Harbour Green Park Restaurant – A restaurant on the City’s public park land

Harbour Green Restaurant Lease Boundaries 2006

Image source: Park Board report – October 19, 2015


(Update: Approved at about 7:30 pm) Tonight the Vancouver Park Board is reviewing a staff recommendation to grant a ten-year lease, with two additional ten-year extension terms, to build and operate a restaurant at a prime location near the waters of Coal Harbour downtown. (Park Board meetings are now on web video.)Harbour Green Restaurant proposed design Nov 2015

Eleanor Hadley, who passed away in March 2015, was a staunch opponent of businesses operating on City park land.

If the City will allow businesses to operate on park land, City staff and elected officials need to proceed with due diligence on behalf of the public, especially for long-term deals.

View from stairs Harbour Green Park

Site of future restaurant (this view will be blocked from the public for the benefit of restaurant patrons)

From the staff report: “The Selection Committee recommends the proposal from the Sequoia Company of Restaurants Inc. and McDougall Holdings Ltd. (SCRMH) as the best submission with the best overall score and highest rent proposal. SCRMH is a partnership between the Sequoia Company of Restaurants Inc., which operates Seasons in the Park, The Teahouse, The Sandbar, and Cardero’s restaurants, and McDougall Holdings Ltd., which operates in partnership Harbour Air, and the Flying Beaver and Flying Otter restaurants.”

This will likely be a popular restaurant, given its excellent location. And we hope that the Park Board Commissioners will exercise full discretion in the public interest. This could be a thirty-year deal if renewed as permitted. That means it could this lease could run until the year 2045 — the middle of this century.

A number of restaurants and businesses operating on public land in Vancouver city parks. Is the public benefitting adequately from the deals?

The staff report outlines the rent to be received at as an annual basic minimum, plus a tiered percentage of  revenue, as follows:

Annual Basic Minimum rent: $200,000
Variable rent based on revenue:
$0 – $8,000,000 4%
$8,000,001 – $10,000,000 5%
$10,000,001 – $12,000,000 6%
$12,000,0001+ 7%

Quoting the staff report: “In addition, the proponent will be responsible for a payment in lieu of property taxes, the cost of construction, and all operating costs.

We know from experience (Cactus Club on English Bay) that the Park Board will not disclose publicly in its annual financial reports how much money public coffers actually receive from deals like this, so the public must put its trust in the elected officials and public administration to  ensure that the City is getting a fair deal now, and each year over the course of up to thirty years.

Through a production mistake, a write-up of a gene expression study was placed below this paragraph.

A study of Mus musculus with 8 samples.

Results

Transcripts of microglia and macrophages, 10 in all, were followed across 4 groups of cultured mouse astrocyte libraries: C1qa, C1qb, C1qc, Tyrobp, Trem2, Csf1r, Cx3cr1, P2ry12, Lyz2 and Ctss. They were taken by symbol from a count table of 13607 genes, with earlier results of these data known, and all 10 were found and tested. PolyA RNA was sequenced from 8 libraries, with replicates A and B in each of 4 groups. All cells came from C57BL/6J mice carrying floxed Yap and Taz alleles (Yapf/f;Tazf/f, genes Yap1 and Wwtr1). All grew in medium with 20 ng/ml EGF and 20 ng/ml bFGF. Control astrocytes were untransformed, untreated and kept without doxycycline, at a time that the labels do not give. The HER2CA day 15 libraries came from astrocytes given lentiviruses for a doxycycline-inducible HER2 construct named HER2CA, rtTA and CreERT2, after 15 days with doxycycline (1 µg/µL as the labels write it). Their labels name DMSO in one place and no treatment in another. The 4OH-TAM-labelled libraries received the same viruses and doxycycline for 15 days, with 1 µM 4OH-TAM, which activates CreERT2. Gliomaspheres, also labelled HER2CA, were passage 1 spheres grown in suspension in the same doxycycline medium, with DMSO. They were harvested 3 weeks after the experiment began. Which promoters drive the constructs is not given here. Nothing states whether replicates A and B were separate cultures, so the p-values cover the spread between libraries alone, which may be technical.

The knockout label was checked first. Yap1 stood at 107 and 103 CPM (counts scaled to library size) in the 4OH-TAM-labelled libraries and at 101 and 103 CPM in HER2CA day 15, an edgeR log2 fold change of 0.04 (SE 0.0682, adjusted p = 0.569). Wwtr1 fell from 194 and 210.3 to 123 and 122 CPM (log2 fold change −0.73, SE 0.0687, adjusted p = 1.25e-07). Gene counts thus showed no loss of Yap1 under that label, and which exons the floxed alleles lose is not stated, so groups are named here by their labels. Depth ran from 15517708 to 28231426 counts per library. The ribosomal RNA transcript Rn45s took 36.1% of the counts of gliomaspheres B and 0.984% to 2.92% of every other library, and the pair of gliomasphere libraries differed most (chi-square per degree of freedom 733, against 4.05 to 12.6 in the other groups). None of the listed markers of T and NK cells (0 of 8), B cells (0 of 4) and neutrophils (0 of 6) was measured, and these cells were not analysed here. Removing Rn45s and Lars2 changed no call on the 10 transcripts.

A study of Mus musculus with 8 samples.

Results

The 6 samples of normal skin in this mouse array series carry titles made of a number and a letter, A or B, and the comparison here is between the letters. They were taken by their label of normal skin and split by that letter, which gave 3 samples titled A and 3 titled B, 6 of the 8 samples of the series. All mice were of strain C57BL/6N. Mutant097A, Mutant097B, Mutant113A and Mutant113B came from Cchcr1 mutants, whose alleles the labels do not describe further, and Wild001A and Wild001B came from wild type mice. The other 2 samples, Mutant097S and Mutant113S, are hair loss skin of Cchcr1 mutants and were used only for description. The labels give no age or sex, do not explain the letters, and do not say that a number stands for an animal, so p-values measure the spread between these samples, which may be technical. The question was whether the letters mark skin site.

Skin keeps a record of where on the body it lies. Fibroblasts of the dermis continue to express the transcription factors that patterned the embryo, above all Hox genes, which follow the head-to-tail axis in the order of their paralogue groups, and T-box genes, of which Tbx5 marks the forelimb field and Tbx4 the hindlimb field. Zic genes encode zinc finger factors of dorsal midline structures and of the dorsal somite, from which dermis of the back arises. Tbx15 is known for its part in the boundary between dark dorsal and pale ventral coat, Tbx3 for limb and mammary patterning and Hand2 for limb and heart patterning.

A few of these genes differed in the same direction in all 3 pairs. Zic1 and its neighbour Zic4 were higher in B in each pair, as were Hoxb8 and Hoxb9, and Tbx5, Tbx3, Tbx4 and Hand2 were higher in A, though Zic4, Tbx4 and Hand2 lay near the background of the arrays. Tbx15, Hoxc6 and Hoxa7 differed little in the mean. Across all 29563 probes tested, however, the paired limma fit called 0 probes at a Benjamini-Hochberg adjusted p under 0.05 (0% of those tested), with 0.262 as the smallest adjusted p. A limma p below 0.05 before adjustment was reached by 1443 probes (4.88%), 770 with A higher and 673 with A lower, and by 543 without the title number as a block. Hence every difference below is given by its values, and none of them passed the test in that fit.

And besides the money, there are conditions to consider. Park Board Commissioners have to be shrewd businesspersons on the public’s behalf. We say this because things can go astray, as we have documented here: Humble food stand on Kits Beach ends up controlled by billion-dollar private Texas company. How did this happen?

Did the Park Board have an independent analysis of the business case and conditions for this new lease, or was it all done internally? Did staff prepare a report projecting revenues to the City from now to 2045? It’s important to ask, as the deal will likely outlive the staff and the political careers of the Park Board Commissioners.

Another point is sustainability.

Quoting the report: The key requirements of the successful proponent are to enable the Park Board to realize:

  • a first class food service establishment;
  • a competitive rental payment, including a payment in lieu of property taxes;
  • prices and service consistent with similar restaurants;
  • a strong commitment to sustainability;
  • a proponent with strong record of experience in operating in similar settings.

Vancouver has “Greenest City” aspirations, and our mayor even gained an audience with The Pope on the topic of climate change. But is the City asking enough of businesses to achieve sustainability? Will this restaurant ban the use of energy-wasting outdoor heaters? That would be a sign of sustainability leadership. Did the City ask? Did Commissioners discuss this?

For reference, see our stories on that topic here.

Outdoor patio heaters defy Vancouver’s Greenest City dreams: Many tons of carbon emitted each year. Change needed. Leaders needed!

Space heaters, open flames at Telus Garden restaurant. Ignored in Greenest City plans?

Additional info after initial posting.

According to this tweet by @raytomlin, it looks like staff actually did do revenue projections — $2 million in rent over the first five years.

Anyone interested in the staff presentation and level of discussion, you can check out the archive video.